Since Thursday, December 21, marks the first day of winter, it also marks the official start of winter bird feeding season.
Winter is when birds need supplemental food sources the most, especially for our year-round bird residents such as black capped chickadees, blue jays and winter visitors like evening and pine grosbeaks. As such, here are some basic bird feeding tips from our Outdoor Wire birding friends.
*Make your own feeding mixture to maximize the number of species visiting your bird feeder. Black or oil sunflower seed is the favorite of many birds, but when mixed with thistle (or nyjer) seeds or cracked corn, you’ll be assured to attract a wide variety of species. And don’t forget suet to attract woodpeckers and even chickadees.
*Mix up the type of feeders you use. Hopper feeders are great for large birds such as blue jays, while tube feeders are best for smaller birds. Elevated tray feeders will attract birds that are usually ground feeders including juncos and larger birds such as evening grosbeaks. Of course, you’ll also have to contend with squirrels who are habitual feeder robbers. You may also want to add a water source like a bird bath or simple tray but you’ll need to invest in a heated that can be purchased at local hardware or birding stores.
*If possible, place feeders near natural habitat or add a habitat for birds to hide. A Christmas tree is a great addition to a backyard. Instead of throwing out your real Christmas tree when Christmas is over, put it close to your feeder(s) to provide quick cover for the birds.
*Keep your feeders clean. Only put enough food for a day, and wash feeders every couple of weeks in a 10 percent bleach solution then let it dry to prevent the spread of bacteria and disease.
*Feeding can expose birds to hazards they might otherwise avoid. The risks of predation are higher close to people, especially from domestic cats. In fact, we see a black feral cat sit by an evergreen bush across the street at a neighbors back yard that birds use for cover and to sleep at night. It will even hide beneath it to grab an unsuspecting bird. They are the leading cause of birds’ deaths in North America. So perhaps take the feeders down if predators become frequent visitors.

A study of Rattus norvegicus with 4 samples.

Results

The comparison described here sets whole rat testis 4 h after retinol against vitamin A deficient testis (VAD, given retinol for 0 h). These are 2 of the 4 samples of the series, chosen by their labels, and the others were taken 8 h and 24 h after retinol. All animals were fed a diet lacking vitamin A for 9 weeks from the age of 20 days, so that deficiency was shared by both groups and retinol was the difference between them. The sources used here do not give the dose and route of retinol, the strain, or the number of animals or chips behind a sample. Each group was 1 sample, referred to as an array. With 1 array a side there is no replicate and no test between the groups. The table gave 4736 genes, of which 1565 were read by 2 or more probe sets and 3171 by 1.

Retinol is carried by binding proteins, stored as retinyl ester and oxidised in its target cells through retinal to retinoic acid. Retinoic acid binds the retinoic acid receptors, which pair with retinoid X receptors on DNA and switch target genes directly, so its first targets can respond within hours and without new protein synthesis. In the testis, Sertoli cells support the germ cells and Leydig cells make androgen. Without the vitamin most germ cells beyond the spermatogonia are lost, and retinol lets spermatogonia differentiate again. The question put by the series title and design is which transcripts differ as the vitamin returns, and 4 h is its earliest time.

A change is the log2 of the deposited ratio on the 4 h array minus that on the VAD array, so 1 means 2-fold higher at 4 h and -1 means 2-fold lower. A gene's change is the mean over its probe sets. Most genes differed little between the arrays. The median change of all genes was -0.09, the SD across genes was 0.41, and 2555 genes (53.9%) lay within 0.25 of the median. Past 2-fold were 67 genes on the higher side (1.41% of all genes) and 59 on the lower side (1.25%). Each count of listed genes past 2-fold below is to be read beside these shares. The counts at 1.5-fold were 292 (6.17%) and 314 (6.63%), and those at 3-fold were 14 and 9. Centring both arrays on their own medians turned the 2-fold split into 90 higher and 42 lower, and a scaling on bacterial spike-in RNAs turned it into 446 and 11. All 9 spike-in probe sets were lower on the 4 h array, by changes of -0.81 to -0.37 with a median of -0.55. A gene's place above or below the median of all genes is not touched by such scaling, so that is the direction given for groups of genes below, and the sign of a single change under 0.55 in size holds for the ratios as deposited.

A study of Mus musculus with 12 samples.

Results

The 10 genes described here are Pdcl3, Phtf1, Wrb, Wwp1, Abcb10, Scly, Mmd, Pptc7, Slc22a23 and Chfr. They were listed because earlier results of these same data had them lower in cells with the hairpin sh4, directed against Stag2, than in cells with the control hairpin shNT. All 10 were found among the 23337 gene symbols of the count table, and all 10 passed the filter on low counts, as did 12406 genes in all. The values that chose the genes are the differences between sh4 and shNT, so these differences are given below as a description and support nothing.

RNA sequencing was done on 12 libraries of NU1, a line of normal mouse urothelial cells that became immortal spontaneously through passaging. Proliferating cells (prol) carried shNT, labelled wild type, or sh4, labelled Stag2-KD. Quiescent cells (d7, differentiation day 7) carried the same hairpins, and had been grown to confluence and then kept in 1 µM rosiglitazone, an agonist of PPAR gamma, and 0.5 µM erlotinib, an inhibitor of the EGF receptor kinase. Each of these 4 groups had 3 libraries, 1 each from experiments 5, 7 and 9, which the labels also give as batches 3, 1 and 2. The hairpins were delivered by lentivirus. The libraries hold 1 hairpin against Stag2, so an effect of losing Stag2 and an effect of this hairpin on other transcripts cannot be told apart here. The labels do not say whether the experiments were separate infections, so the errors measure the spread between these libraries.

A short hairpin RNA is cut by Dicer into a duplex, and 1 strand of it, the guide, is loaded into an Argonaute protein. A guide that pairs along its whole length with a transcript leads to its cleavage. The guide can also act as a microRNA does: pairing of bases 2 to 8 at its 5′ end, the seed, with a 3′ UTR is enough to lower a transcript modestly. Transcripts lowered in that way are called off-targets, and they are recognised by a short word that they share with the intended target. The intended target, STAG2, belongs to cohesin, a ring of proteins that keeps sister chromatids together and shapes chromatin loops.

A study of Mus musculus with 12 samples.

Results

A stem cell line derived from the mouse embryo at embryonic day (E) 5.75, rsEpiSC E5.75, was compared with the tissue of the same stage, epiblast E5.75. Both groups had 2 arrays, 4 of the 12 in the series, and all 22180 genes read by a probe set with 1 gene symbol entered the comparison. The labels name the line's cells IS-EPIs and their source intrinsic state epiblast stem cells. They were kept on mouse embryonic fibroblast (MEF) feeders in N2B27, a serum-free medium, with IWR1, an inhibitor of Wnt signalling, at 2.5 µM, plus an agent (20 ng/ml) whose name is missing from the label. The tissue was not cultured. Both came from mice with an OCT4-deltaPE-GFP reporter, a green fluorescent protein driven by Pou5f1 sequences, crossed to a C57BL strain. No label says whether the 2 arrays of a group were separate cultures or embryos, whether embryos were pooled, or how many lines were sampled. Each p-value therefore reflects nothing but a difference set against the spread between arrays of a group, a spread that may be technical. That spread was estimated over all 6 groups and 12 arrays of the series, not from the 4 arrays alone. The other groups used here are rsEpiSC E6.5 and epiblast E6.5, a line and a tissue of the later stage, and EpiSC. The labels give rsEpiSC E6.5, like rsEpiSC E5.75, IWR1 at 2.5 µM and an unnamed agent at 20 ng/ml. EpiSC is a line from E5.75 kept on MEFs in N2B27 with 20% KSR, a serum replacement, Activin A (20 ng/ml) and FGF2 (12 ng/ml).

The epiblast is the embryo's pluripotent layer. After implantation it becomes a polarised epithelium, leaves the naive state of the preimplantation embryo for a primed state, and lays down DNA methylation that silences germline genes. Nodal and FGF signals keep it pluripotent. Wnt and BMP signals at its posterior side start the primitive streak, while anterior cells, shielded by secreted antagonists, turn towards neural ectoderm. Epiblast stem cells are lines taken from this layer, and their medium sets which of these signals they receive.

*Don’t feed birds when bears are active. Most bears are in dens from Dec. 1 to April 1, but some will delay hibernation or re-emerge to feed during periods of warmer weather. Remove bird feeders immediately if you see signs of bears, or know if one is active in your area.
*Once you’ve started feeding the birds, keep your feeders stocked as they’ll depend on and look forward to having food as it’s an easy food source. If you wish to stop feeding during winter months, gradually taper off the amount of food you provide rather than stopping abruptly. It gives the birds a chance to find other food sources. This is especially important during when food is scarce in winter and during periods of extreme weather.
*Finally, report your observations such as during the recent Audubon’s Christmas Bird Count and the Great Backyard Bird Count that got underway Dec. 14 and runs to Jan. 5. Your observations can help provide important information for an understanding on local bird populations. Check for a count location in the area by checking the Audubon’s website.
Nick Hromiak has been an outdoors and automotive writer for over 30 years. He's been published in numerous national and state-wide outdoor magazines and newspapers.